Have you ever asked the question why do dogs dig holes? It's a little more complicated than it may seem at first, but it doesn't have to be. This is how to prevent this behavior

Why Do Dogs Dig Holes? Here Are The Top 5 Reasons

One of the most frustrating things about being a dog owner is when your dog starts to dig holes in the yard. It’s especially frustrating when they get into the garden you put so much time and effort into! Your first instinct may be to figure out how to stop your dog from digging, but before you go down that route, you need to learn the answer to the question “Why do dogs dig holes in the first place?!”

However, regardless of why your dog is showing this behavior, you need to observe WHERE they are digging. If you notice they are digging near the fence, you need to stop this behavior as soon as you can. Digging near the fence puts your dog at risk of ‘digging out.’ If you’re not sure how to get your dog to stop, here’s a great resource we put together on how to stop your dog from digging.

Here Are The Top 5 Reasons Dogs Dig Holes

1: Digging Holes is a Survival Instinct

Even though our adorable pups may look very different from those in the wild, the truth is, their origin means that they have similar genetic and instincts. One of the reasons dogs out in the wild dig is to hide food they can’t eat right away – thereby keeping it safe and protected from other dogs. Once they are ready to eat again, they will return to the spot they buried their food and finish eating.

Apart from hiding food, wild dogs also dig burrows to sleep in and protect their young from other predators. If your dog is digging holes in your yard, you’ll want to check if they are burying their food.

2: Anxiety and Stress

Dogs get anxious a lot more than we think. Anxiety in dogs leads to a variety of behavioral issues and digging is one of the most common behaviors. Changes in their routine or even changes at home might have them feeling anxious and stressed. To get rid of that stress they end up digging.

If you suspect your dog might be anxious or stressed, consider the following.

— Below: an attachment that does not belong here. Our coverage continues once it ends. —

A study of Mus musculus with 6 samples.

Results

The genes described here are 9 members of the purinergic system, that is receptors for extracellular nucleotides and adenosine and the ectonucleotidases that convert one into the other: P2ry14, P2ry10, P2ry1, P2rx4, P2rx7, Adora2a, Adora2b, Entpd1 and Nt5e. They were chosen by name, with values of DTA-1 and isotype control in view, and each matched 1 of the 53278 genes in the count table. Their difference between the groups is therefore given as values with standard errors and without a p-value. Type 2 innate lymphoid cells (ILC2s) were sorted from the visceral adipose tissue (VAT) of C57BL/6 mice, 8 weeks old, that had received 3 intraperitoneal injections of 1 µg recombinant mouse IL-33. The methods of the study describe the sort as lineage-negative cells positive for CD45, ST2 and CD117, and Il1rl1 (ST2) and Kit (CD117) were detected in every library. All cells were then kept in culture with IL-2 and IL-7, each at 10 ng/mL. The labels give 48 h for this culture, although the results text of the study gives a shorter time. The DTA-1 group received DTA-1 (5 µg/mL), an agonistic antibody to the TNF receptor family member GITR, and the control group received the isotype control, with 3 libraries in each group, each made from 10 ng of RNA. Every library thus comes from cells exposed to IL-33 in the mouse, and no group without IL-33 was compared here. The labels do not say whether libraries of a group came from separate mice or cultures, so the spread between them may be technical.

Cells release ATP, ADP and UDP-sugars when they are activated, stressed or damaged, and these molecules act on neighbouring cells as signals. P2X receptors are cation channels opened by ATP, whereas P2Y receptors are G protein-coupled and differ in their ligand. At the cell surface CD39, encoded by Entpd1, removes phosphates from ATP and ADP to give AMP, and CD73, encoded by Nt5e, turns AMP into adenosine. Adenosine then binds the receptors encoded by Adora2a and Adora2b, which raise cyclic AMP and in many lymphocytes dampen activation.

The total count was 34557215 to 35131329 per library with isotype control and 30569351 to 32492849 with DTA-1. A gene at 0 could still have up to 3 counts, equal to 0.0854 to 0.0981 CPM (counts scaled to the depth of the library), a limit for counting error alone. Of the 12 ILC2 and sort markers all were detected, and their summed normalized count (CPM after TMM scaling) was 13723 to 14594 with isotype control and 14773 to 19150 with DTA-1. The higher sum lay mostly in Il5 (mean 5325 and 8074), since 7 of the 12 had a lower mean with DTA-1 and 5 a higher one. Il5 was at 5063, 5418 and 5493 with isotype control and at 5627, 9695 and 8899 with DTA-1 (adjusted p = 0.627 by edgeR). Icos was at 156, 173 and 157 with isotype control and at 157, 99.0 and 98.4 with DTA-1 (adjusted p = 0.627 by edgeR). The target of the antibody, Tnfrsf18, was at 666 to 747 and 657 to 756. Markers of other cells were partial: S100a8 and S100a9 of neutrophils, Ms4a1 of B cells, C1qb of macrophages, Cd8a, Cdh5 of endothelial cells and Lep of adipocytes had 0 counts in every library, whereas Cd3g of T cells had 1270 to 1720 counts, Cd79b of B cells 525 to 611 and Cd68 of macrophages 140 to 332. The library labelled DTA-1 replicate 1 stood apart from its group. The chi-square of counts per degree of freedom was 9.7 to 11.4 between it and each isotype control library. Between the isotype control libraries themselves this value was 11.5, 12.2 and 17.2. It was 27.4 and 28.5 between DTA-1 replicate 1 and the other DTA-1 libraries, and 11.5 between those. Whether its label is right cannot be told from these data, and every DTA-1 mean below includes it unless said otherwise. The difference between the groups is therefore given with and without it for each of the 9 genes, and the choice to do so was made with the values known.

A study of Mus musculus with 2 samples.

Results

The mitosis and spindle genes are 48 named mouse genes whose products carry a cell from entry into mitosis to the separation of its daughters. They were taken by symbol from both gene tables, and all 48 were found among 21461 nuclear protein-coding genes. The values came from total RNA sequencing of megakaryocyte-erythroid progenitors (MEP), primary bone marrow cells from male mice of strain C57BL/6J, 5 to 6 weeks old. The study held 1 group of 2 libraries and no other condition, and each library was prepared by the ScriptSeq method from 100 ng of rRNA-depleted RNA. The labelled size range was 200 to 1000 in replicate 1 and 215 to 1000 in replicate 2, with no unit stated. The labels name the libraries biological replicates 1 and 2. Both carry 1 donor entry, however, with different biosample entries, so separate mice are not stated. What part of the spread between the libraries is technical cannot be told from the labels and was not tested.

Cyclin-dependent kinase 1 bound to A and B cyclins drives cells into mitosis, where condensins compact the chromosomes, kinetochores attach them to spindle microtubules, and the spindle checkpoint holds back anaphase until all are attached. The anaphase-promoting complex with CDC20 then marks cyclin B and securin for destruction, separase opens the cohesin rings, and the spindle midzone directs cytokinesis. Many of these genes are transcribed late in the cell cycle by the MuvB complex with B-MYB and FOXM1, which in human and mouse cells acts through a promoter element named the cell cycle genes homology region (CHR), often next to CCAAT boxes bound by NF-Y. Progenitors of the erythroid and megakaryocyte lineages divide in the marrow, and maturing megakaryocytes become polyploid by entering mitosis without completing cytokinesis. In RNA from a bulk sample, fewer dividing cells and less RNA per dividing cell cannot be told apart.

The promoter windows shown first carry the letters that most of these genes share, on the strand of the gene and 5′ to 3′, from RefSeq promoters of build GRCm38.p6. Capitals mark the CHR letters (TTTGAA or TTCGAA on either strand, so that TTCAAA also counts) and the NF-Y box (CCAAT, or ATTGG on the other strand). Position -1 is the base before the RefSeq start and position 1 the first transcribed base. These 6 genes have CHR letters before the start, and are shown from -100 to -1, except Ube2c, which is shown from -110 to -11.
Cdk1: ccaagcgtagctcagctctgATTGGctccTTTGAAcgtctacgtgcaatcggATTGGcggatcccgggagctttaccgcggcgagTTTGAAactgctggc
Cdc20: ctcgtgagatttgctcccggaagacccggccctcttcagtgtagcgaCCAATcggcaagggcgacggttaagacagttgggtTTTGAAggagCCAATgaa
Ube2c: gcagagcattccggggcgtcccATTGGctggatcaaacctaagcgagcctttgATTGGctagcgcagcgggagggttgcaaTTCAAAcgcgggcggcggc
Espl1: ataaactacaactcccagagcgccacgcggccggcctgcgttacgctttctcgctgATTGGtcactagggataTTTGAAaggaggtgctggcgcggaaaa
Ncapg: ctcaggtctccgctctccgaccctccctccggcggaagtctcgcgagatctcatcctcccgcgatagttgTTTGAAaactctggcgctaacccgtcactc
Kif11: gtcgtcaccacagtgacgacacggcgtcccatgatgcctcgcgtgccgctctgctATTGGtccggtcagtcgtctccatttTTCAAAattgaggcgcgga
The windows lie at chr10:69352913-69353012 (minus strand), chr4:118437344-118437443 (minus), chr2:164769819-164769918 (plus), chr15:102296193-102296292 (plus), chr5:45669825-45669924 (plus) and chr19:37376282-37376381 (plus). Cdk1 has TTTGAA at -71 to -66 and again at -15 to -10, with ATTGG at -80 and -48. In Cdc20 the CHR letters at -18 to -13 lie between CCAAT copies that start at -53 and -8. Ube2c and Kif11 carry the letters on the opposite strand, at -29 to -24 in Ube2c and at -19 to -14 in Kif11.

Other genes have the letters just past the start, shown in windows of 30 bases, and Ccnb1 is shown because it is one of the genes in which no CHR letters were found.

• Has there been a change in your work hours? Maybe you aren’t home at your usual time
  • Is there someone new in the house?
  • Did you get a new pet?
  • Did a family member move out?
  • Was there a big fight between you and your spouse?

The list could go on and on, but those are some of the most common reasons dogs get anxiety and stress. If you suspect your dog might be anxious, be sure to give them lots of comforting attention as they become accustomed to these changes.

3: Your Dog is Bored and Has Lots of Energy

Let’s be honest…most dog owners don’t provide their dogs with as much exercise as they should. Long walks and regular play sessions prevent your dog from getting bored which will then ensure that they don’t dig to get rid of all that built up energy.

If you believe your dog is bored, there are many ways you can engage and challenge them throughout the day. One of the best options is to get them interactive toys – an example of this would be an automatic rolling ball. If you don’t have time to play fetch with your pup, this ball will roll around and try to run away from your dog.

4: Temperature Changes

For dogs that have thick coats, it can be difficult to deal with temperature changes going into summer. Since dogs don’t have sweat glands, on the extra hot days they look for other ways to cool down…digging is one of those ways.

How exactly does this help your dog cool down? Because the further down they dig, the colder it gets. If your dog digs a hole and then lays down in that hole, you know it’s because they are trying to cool down.

5: Too Many Snacks

We briefly talked about this in the first point, but dogs hide food when they are full. If you feed them their regular meals and then continue to give them snacks throughout the day, there’s a good chance they are going to bury the snack in the backyard and save it for later. The good news is this is easily fixable…don’t overfeed your dog!

The Fine Line

Being a dog owner isn’t always easy, and you’ll need to make tough decisions. If you have a dog that loves digging, you’ll need to decide if you should put an end to this behavior or just let your dog be a dog. If this doesn’t happen often, it might be worth just fixing a hole that your dog digs up every once in a while. However, if it’s becoming a daily or weekly issue, you’ll probably want to put an end to it. You’ll also want to put an end to it if they are digging close to your fence.


4 thoughts on “Why Do Dogs Dig Holes? Here Are The Top 5 Reasons

  1. Alayna Hart says:

    Laughed out loud when I read about dogs burying their snacks in the backyard. My dog loves to do this between my couch cushions!

    • K9Nerds says:

      That’s definitely a possibility if it’s just a one time thing. I just wrote about how dogs trim their nails by digging. But if it’s an ongoing behavior, probably not the case.